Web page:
It was a friendly departure, he insisted to CNN afterward, never mind that the group which he helped found formally condemned him last month for concluding that Trump’s attempts to obstruct justice in the Russiagate probe were impeachable.
Amash claims he left because he didn’t want to be a “distraction.” A distraction from what? The Freedom Caucus is a small minority of the House minority. One reason why they’ve transformed from a group devoted to shrinking government into a group shilling for Trump in all things (which tracks the transformation of the wider GOP, but I digress) is that they have nothing better to do these days. The squabble with Amash is the first interesting thing to come out of the caucus since Pelosi took over.
He should have demanded that they vote to oust him. Why do them the favor of punishing himself for his own blasphemy?
“I have the highest regard for them and they’re my close friends,” [Amash] told CNN. “I didn’t want to be a further distraction for the group.”…
Amash, who was a founding member of the group, told CNN in March that he had stopped going to Freedom Caucus meetings after clashing for months with members over the group’s direction under Trump.
He told CNN he had attended a House Freedom Caucus board meeting before House votes on Monday night to announce he would step aside from both the board and the group as a whole. The other members didn’t know he would be going to the meeting…
He emphasized his decision was voluntary and that he remains on good terms with his colleagues.
He signed up for the Freedom Caucus, not the MAGA Caucus. Frankly, he should have left ages ago, although I assume he hung on in the expectation that Mueller’s verdict might help ease the tensions between him and his colleagues. If Mueller had come down firmly on Trump’s guilt, the caucus’s pushback on Amash’s impeachment call necessarily would have been more muted. If Mueller had come down firmly on Trump’s innocence, Amash himself might have dropped the Russiagate matter. Instead Mueller punted on obstruction, ensuring that the internal disagreement would linger.
Obvious question: Will Amash’s break with the Freedom Caucus end there or does the essence of his conflict with them compel him to leave the GOP too? If his rebuke of Trump is a facet of his discontent with the two-party system then it’s the logical next step. And the wider Republican caucus isn’t much less Trumpist than the Freedom Caucus itself is, after all. If Amash has decided that his position on Trump means he can’t in good conscience remain a member of a right-wing group that’s broadly aligned with him on limiting government — in theory, I should emphasize — then there’s no principled reason to remain a Republican either. There are pragmatic reasons to do so: Going independent means he’ll need to win a three-way House race next year and it’ll likely cost him his committee assignments, further reducing his influence over policy. Even if Amash is willing to continue to caucus with Republicans in hopes of retaining those assignments, it would please Kevin McCarthy’s friend Donald to see him humiliated by having them stripped.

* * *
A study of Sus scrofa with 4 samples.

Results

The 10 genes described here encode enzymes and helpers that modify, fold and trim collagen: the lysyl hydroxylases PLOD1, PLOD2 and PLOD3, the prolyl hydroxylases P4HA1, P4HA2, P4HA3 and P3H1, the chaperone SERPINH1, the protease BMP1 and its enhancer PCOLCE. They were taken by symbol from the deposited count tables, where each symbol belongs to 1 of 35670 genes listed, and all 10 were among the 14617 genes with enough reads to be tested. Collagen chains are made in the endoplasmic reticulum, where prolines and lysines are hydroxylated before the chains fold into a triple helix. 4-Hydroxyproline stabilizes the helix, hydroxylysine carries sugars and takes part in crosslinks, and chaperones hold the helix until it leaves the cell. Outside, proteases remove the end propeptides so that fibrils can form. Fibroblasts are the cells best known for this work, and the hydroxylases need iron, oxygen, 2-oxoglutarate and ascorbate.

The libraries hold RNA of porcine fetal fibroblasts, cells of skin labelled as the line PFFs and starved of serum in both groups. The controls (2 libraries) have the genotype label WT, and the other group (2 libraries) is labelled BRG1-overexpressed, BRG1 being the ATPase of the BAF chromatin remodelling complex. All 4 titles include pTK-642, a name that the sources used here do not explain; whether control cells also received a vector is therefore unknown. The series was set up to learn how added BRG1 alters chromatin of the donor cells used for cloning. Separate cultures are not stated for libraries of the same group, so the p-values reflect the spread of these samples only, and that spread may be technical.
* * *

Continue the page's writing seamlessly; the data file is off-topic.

But maybe Amash has resolved that he’s done with the GOP in its current incarnation and if that costs him his House seat, so be it. A man who wanted to stay in Washington forever wouldn’t have accused Trump of obstruction in the first place.
McCarthy was asked about Amash at this morning’s minority-leader press conference, incidentally, and gave a stupid answer:
.@GOPLeader McCarthy after Amash resigned from Freedom Caucus: “Justin Amash can determine his own future but I think in a philosophical basis he is probably in a different place than a majority of Republicans.” Wouldn’t specifically answer if Amash still welcome in GOP conf.
— Alex Moe (@AlexNBCNews) June 11, 2019
Trumpists can hate the heretic privately as much as they like but the fact remains that Amash running for president as a libertarian would be an X factor in the 2020 campaign. He might not cost Trump many votes if he ran; he might even help Trump by giving right-leaning “Anyone But Trump” independent voters someone to vote for instead of the Democratic nominee. But it’s possible that he’d pull enough Trump-skeptic fiscal conservative righties away from POTUS to hurt him, especially in Amash’s crucial home state of Michigan. McCarthy and the rest of the party should be polite to him even in their disagreements and emphasize that he’s a Republican in good standing. Don’t give him more of a reason to leave and challenge Trump than he already has.